Prime Minister Dr. Ralph Gonsalves has said no one gives the government of SVG an ultimatum. (File photo)

ST. VINCENT: – Prime Minister Dr Ralph Gonsalves has said that a St. Lucia-registered airline has not been granted permission to land in St. Vincent and the Grenadines (SVG) because it is “operating illegally”.

Gonsalves’ explanation on Thursday came on the heels of threats by Allen Chastanet, the Aviation Minister in Castries, to debar two Vincentian carriers from landing in St. Lucia if authorities in Kingstown continue to deny CARICOM Airways permission to fly to SVG.

The Caribbean Media Corporation (CMC) reported on Thursday that Chastanet has issued an ultimatum to Kingstown to resolve the impasse within a week or expect that both SVG Air and Mustique Airways will no longer be granted rights to fly to St. Lucia.

“I am unable to understand why it has taken nine weeks for Vincentian authorities to approve the application from the St. Lucia-registered carrier to fly there when it is the country’s tourism industry that stands to benefit,” Chastanet told the CMC.

But Gonsalves said on Thursday “no one gives the lawful government of St Vincent and the Grenadines an ultimatum”.


I think the statement made by him was quite out of place and fresh as a matter of fact. I don’t think it is something that should be dealt with on the airwaves,” Beache said.

Beache said if Chastanet “has an issue” with the way Kingstown was handling the matter, he should have called him (Beache) or Gonsalves.

“But even so, I don’t know any point where Senator Chastanet is an owner in this new airline. So, if the new airline has an issue with the way we are dealing with things, they should call us directly,” Beache added, even as he said he did not know the status of the issue because it is not the responsibility of his ministry.

Gonsalves, who is also Minister of Civil Aviation, spoke of CARICOM Airlines in terms of “the inadequacy of the insurance coverage, that is to say, the passenger liability and the single pilot operator for the islander aircraft, which requires a double crew”.

“This is the requirement as practised by SVG AIR, with a similar operation. These issues are still to be addressed,” Gonsalves said.

He said “… failing to address these outstanding issues means that Caricom Airways is in breach of the Eastern Caribbean Civil Aviation Authority operating procedure, hence the airline is operating illegally.”

Allen Chastanet, the Aviation Minister in Castries has threatened to ban two Vincentian airlines from landing there.

“Once CARICOM Airways is in compliance with the law governing the operations of airlines in the OECS (Organisation of Eastern Caribbean States) region, of which St. Lucia is a member, then the reciprocal arrangements will be considered by the St. Vincent and the Grenadines Air Transport and Licensing Board,” Gonsalves said.

Gonsalves quoted a Nov. 24 letter from Donald McNeil, the acting Director General of ECCA to Titus Preville, the Permanent Secretary Ministry of Tourism and Civil Aviation in St. Lucia.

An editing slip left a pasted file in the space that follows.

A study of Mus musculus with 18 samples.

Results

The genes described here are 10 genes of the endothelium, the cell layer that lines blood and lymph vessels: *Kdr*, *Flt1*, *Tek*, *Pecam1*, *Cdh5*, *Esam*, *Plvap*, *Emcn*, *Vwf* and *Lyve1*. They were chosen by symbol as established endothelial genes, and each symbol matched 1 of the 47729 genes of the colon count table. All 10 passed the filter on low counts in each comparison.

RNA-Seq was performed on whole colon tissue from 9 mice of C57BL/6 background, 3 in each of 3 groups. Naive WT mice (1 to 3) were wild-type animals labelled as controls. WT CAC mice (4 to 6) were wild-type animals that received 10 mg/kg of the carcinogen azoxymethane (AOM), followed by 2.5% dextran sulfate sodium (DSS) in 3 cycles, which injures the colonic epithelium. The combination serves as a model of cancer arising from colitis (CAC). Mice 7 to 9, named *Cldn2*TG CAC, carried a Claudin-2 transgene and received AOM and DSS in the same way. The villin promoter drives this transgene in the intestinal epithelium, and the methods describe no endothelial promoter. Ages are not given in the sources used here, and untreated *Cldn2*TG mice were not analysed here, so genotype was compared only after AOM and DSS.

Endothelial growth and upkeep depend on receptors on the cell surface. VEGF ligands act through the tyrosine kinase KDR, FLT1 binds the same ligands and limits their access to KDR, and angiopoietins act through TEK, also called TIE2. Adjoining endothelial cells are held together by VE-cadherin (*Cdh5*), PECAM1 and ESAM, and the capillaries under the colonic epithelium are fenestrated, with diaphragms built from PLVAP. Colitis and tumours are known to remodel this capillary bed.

“The office [ECCA] has not yet issued an air operation certificate to CARICOM Airways to operate commercial flights. Under the circumstances, kindly advise under what authority this carrier is permitted to operate commercially,” Gonsalves quoted the letter as saying.

“This government does not function off the seat of its trousers,” Gonsalves said.

“I have to be concerned and the authorities have to be concerned and we have to give careful consideration to a range of safety matters anytime we give an airline permission to operate from St. Vincent and the Grenadines,” he said.


“Nothing like that has been done. We cannot permit an aircraft to be in the air unless all these matters are in place. Because when you are in the air, simply, and I will state the obvious, you can’t jump out just in case something is happening. You are in the air. Period! And Newtonian laws of gravity apply and if you jump, you will fall; you will not fly,” Gonsalves said.

Gonsalves further said “Mr Chastanet ought to be a little more circumspect in his language”.

Chastanet had said while CARICOM Airways has received permission to fly to Grenada and Dominica and talks are being finalized with Martinique, approval to fly to SVG has been pending for over two months.

St. Lucia has threatened to bar SVG Air and Mustique Airways from landing there.

“There is a pre-clearance facility for Vincentians at Hewanorra Airport, when they get off the jet service they can re-clear with Vincentian customs and immigration so that when they arrive it’s almost like using a domestic flight.

 

“There has also been the opening of a new hotel in St. Vincent, which has been using St. Lucia as a hub operation, and unfortunately SVG and Mustique Air do not have the capacity to deal with the volume of traffic, so a CARICOM Airlines being able to operate at this juncture would clearly be of benefit to them,” Chastanet told CMC.

But Gonsalves said if Chastanet ” had any difficulty and he wanted to make a statement, the proper thing to do would be to inform his prime minister who would call me and find out from me what are really the difficulties at the moment.

“Maybe the prime minister himself is unaware of these difficulties,” Gonsalves added.

“…I don’t want any problems to occur between St. Lucia and St. Vincent and the Grenadines; we are too close in too many ways. But I have to ensure that the rules, the laws and the procedures, are followed and that we could be assured as to all the questions of safety.

Chastanet had also said he that he hopes the decision to debar SVG AIR and Mustique Airways from flying to St. Lucia can be avoided as the people of the two islands have enjoyed and shared a longstanding relationship, which involves frequent travel across the channel.